Bulgaria’s caretaker Health Minister: Big mistakes in Covid-19 vaccination plan cost 10 000 lives

Bulgaria’s caretaker Health Minister Stoicho Katsarov told the National Assembly on July 28 that big mistakes in the previous government’s national plan for vaccination against Covid-19 had cost 10 000 lives.

The vaccination plan was approved by the previous government towards the end of 2020 and the first dose of a vaccine against Covid-19 was administered on December 27.

Katsarov told a special hearing that the first big mistake had been the previous government’s decision to prioritise the AstraZeneca vaccine at the expense of the other three vaccines approved by the European Medicines Agency.

At the beginning of the year, Bulgaria had been left with a very small amount of vaccines, and only just more than 30 000 doses had been administered in January.

He told MPs that the second big mistake had been in the previous government’s choice of groups to prioritise to receive vaccines against Covid-19.

“Bulgaria did not give priority to people over 60 and people with serious illnesses, they were placed in the fourth category after social workers, employees in mink farms and others,” Katsarov said.

He said that this was a big mistake because 80 per cent of those in Bulgaria who had died from Covid-19 were people older than 60.

Every country except Bulgaria had given priority to the elderly, because vaccinating the elderly dramatically reduces mortality.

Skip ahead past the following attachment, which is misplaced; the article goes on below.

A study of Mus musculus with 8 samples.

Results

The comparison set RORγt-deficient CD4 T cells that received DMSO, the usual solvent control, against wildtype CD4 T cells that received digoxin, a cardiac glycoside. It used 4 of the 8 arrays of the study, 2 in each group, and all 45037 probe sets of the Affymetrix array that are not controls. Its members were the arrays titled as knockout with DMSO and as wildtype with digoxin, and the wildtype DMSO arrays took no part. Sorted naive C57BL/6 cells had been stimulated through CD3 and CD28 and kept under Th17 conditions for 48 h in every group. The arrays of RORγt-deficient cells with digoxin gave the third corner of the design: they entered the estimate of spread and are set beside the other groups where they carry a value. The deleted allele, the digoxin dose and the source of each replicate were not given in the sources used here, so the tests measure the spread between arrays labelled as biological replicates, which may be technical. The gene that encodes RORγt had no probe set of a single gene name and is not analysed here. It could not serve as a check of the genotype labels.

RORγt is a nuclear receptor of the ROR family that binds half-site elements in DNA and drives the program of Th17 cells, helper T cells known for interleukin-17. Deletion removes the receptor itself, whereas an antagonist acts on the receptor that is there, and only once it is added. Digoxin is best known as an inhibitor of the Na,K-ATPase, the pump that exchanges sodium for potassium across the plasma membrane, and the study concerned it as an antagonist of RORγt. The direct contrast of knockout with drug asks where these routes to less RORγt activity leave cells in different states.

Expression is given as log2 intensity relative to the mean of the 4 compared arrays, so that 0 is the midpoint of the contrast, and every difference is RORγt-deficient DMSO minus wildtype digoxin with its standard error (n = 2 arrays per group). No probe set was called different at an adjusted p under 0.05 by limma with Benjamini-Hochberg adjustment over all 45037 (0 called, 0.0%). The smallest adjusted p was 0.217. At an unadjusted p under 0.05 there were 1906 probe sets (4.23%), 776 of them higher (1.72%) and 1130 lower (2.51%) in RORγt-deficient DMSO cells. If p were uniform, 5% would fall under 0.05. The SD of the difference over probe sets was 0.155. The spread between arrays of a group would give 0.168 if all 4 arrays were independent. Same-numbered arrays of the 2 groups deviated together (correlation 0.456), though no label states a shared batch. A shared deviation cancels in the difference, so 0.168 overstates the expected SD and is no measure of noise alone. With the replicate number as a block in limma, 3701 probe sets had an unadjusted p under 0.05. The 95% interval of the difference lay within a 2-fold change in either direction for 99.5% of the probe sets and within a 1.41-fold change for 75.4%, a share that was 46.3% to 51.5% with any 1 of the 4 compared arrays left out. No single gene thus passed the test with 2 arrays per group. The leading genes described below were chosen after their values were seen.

“Bulgaria is sacrificing the older generation,” he said.

“We immunised mainly young and active people for five months, and the most vulnerable groups were abandoned. This changed only at the end of May,” said Katsarov, who took office along with the rest of the caretaker cabinet in mid-May.

This mistake in prioritisation of groups had “according to experts” cost the lives of the 10 000 people who died during the second wave in March and April, he said.

Katsarov told the House that in effect, the vaccination plan had been “suspended” in mid-February when a decision was made to start offering jabs to all comers. At the point of this suspension, none of the four phases in the original plan had been implemented.

Katsarov said that another mistake was the poor logistics.

He said that one of the reasons for the widespread spread of the virus was that Covid-19 patients were admitted to hospitals along with all other kinds of patients.

Katsarov said that there were three main risks for high morbidity and mortality in the event of a fourth wave of Covid-19 in Bulgaria.

These risks came from the low rate of Covid-19 vaccinations in Bulgaria, poor crisis management last year and the extremely poor state of Bulgaria’s health system.

Regarding the health system, he said: “Unfortunately, this risk cannot be overcome in a month or two. Our health care system is severely unbalanced, poorly organised, poorly structured, poorly funded – for years. Covid-19 is a reason to hurry with reforms”.

Referring to the national plan for responding to Covid-19, approved by the caretaker government, he said that if this plan was implemented, it would eliminate the risk of poor crisis management.

Katsarov told the National Assembly that there was a risk of 22 000 AstraZeneca vaccines having to be destroyed because they would expire at the end of July. There was no current risk regarding the other brands of vaccines held in Bulgaria.

Katsarov reiterated his opposition to making vaccination against Covid-19 compulsory.

For the rest of The Sofia Globe’s continuing coverage of the Covid-19 situation in Bulgaria, please click here.

The Sofia Globe’s coverage of the Covid-19 situation in Bulgaria is supported by the Embassies of Switzerland and Finland.